Why can't the React.js onClick event pass a value to a method?

Gareth D.

The problemJump To Solution

When you want to pass a value as an argument to an event handler function of an onClick event, a common mistake is to try to pass the value into the function directly.


If you do this, the function will only be called on page load. In the above code example, you’ll get an alert message pop-up with the greeting “hello, Peter” when the page is first loaded. After you click “OK” to close the alert pop-up, if you click the “Say greeting” button the pop-up won’t open again.

A similar issue would occur if the onClick event handler was a state setter function.


On page load, you would get the following error:


The solution

When you call an onClick event handler function directly with an argument passed in, the function is executed when the component is mounted. This would cause the example greet function to show the alert pop-up on page load. Clicking the button afterwards does not work because the greet function has already been executed.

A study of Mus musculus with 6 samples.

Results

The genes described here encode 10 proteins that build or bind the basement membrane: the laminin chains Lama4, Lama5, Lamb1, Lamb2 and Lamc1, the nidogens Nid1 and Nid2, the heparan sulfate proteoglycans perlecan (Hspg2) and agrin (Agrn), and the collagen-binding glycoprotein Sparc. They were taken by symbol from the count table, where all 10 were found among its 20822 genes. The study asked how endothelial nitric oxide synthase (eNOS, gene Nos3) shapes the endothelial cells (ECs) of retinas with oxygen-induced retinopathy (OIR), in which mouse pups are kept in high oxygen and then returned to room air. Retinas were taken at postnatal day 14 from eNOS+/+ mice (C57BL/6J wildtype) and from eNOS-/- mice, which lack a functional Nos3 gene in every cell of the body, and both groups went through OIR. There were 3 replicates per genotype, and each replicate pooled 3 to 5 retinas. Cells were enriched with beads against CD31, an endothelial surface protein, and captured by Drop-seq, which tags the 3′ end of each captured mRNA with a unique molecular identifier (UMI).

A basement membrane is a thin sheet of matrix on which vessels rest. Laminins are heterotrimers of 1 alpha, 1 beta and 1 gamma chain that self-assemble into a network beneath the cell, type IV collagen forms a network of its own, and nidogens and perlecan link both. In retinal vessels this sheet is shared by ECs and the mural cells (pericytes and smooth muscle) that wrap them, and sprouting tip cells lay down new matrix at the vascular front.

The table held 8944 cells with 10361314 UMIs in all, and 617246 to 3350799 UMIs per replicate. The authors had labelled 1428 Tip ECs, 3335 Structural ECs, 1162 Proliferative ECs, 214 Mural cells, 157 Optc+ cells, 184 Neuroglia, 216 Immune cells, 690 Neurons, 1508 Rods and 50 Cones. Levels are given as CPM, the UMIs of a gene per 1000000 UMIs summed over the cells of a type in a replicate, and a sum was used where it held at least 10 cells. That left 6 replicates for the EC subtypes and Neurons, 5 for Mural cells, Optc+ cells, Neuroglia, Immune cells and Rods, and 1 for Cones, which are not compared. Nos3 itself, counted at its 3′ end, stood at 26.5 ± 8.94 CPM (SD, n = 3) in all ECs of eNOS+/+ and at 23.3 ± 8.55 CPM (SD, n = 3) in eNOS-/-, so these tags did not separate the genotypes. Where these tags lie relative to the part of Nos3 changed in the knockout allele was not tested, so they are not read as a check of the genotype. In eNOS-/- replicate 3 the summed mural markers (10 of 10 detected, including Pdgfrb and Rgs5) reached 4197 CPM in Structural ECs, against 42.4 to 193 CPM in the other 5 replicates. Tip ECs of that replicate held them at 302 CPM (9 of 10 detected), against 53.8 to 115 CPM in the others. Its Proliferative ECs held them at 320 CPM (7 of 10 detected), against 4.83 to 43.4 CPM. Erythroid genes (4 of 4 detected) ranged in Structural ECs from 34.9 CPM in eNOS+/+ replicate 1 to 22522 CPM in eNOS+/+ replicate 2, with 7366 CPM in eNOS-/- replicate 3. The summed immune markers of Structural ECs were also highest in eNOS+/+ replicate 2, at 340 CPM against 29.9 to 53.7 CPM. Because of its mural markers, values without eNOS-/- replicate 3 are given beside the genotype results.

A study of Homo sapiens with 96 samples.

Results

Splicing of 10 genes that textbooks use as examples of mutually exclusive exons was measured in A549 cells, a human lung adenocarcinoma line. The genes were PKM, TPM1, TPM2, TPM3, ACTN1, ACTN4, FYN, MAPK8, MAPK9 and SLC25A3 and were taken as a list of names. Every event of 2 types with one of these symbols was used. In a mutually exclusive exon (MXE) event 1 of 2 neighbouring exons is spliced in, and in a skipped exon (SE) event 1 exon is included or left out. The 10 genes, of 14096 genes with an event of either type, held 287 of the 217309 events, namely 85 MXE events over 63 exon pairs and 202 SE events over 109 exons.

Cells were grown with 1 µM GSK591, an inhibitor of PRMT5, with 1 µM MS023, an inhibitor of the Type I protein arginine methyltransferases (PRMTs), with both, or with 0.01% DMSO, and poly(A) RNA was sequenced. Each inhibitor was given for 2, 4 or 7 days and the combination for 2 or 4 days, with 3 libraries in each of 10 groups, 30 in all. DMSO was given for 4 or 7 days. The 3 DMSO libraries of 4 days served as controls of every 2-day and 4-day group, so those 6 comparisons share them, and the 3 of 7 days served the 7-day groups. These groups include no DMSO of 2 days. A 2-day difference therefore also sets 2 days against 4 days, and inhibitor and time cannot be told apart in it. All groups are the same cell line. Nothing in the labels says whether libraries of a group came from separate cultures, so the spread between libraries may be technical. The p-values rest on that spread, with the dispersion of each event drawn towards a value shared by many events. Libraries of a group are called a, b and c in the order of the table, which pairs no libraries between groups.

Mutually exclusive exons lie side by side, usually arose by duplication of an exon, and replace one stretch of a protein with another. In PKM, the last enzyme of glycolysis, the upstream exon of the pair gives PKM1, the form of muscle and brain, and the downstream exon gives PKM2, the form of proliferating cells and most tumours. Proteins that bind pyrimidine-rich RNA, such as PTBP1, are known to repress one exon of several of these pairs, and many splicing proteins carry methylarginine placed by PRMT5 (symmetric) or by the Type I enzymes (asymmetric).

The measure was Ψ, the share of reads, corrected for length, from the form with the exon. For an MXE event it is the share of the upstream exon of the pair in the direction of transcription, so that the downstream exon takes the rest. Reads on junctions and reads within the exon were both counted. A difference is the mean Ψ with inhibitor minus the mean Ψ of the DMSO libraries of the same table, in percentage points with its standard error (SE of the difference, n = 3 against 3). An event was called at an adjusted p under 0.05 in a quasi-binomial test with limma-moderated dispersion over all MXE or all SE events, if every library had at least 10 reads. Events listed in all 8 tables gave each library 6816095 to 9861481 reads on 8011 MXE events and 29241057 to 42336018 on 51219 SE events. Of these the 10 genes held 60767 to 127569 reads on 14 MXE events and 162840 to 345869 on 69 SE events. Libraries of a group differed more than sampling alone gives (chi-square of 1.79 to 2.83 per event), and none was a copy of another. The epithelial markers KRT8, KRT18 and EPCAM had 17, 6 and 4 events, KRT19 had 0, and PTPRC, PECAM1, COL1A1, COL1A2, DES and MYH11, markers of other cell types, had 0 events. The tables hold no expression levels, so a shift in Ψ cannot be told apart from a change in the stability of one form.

To fix this, use an inline function:


An inline function is a function that’s defined when the component is rendered. This onClick event handler is now called by React only when the button is clicked by a user.

The fix is the same if you are setting state. The reason why passing in a value to a state setter onClick event handler causes an infinite loop, if you call it without an inline function, is that the state is set when the component is rendered. This causes the component to re-render as the state is updated. The state is then set again when the component is re-rendered, which causes another re-render. This continues and causes an infinite loop.

One thing to note is that using an arrow function in the rendered component creates a new function each time the component re-renders. You don’t need to worry about performance issues from it, unless you find that it’s slowing down your app. You can read more about this in the following article: React, Inline Functions, and Performance.